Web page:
February 2013

A journal for the ages

by Rebecca Bricker on February 24, 2013

It was like that famous scene in the movie Ghost, when Patrick Swayze embraces Demi Moore at the potter’s wheel.

I was at a Florence paper shop, looking at journals, when I noticed a young American woman – most likely a student here – standing at a nearby table. She was learning how to marbleize paper – from an attentive teacher, a young Italian guy who stood behind her, carefully helping her pull a rake-like bar through streaks of color in a tray of gelatinous liquid.

I was intrigued by the technique as he gently guided her hand. They stood as close as the pages of the journal in my hand. I knew the end result of this lesson was going to be more than a sheet of beautifully marbled paper. I was right – by the time she held up her masterpiece, he had whispered to her, “Would you like to join me tonight for an aperitivo?”  Sigh… 😉


At another Florence paper shop – the famous Giulio Giannini & Figlio, a bottega d’arte since 1856 (at Piazza Pitti 37R, across from the Pitti Palace) – I watched a paper-marbling demonstration by fifth-generation master Guido Giannini. I lingered after the tour group left the workroom above the shop, wanting to know more. He graciously spent an hour telling me the history of paper-making and marbling.

His story took me to 15th-century China where the liquid base for paper marbling was water. But when the technique arrived in Italy – via Arabia and Turkey – changes needed to be made. “Mediterranean colors are very heavy,” Guido explained.  At first, artisans added glue to the water, to help suspend and separate the drops of color. But the magic ingredient was discovered in Constantinople, where marbled endpapers were adorning copies of the Koran. The substance looks like clear jelly – but it’s ox bile, which is still used today.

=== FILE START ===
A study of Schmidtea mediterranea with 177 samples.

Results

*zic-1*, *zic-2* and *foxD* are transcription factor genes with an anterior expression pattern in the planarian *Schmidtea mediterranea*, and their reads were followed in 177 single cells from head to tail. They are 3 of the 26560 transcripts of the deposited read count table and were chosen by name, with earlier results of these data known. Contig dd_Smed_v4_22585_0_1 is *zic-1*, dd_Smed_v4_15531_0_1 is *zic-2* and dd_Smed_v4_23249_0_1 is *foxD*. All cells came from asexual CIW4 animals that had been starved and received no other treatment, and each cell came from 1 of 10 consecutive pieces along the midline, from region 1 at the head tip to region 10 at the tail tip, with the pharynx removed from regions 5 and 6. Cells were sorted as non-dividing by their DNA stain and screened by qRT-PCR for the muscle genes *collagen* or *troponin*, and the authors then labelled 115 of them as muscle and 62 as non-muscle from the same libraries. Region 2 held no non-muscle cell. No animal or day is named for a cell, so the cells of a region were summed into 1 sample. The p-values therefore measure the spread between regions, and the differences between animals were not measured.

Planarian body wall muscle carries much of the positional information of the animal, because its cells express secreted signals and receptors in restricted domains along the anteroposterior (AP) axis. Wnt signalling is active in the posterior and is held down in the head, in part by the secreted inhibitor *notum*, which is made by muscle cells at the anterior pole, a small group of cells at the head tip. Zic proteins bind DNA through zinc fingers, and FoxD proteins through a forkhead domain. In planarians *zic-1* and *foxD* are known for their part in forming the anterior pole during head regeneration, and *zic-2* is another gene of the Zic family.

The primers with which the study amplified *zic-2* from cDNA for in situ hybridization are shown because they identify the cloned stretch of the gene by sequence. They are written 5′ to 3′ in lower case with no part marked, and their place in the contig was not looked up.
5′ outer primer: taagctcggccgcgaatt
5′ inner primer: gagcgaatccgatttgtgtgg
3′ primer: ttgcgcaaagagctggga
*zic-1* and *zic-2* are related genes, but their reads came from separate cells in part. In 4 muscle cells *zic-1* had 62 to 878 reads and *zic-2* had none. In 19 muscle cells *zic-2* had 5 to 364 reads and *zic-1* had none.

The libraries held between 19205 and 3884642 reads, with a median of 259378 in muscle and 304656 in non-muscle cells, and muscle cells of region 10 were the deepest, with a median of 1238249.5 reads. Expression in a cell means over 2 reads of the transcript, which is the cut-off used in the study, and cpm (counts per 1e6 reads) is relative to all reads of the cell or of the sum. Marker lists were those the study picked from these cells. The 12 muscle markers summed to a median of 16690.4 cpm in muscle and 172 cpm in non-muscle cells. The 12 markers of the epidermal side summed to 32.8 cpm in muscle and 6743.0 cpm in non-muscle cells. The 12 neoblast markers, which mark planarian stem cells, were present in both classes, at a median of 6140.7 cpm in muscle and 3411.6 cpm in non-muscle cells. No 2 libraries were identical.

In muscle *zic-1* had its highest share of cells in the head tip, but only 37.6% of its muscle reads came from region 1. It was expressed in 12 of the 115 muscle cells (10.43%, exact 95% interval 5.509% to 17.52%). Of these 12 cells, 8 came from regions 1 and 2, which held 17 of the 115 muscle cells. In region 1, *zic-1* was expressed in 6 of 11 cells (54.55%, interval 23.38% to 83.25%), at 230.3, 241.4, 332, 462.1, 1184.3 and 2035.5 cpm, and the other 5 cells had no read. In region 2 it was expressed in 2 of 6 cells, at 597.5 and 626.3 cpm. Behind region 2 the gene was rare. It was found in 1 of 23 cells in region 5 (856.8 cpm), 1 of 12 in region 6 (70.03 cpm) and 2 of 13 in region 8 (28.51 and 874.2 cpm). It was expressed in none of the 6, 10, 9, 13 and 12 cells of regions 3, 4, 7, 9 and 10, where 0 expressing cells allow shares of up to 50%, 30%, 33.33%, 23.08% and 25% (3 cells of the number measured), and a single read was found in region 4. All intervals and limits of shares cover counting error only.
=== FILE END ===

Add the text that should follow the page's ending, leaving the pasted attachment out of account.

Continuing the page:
“It’s like a cake,” Guido says. “We have a recipe. But you must know how to change your recipe to adapt.”

Guido has devoted his life to his craft. “I spent 50 years with my father learning not only the techniques, but the history of papers, color pigments and book binding through the centuries.”

Over the years, the Giannini family has made accounting ledgers for the Grand Duke of Tuscany and a gift album given to Queen Elizabeth.

But sadly, no one will follow Guido in the Giannini tradition. “We have no future,” he says. In our technology-driven world, the marbled papers he creates can be scanned and duplicated. “The copies are perfect.”

“But it’s not the same,” I tell him.

He shrugs. “It takes years to build a team.” A master needs craftsmen who can mold the wood, tool the leather, make the bindings, he says.  “We need a school. But I have no time to teach and run a shop.”

In my wanderings around Florence, there are so many moments when I realize I’m in the presence of artistic genius that has evolved through the ages – that tragically is fading away.

I bought a Giannini journal that day. I opened it to the last page and asked Guido to sign it.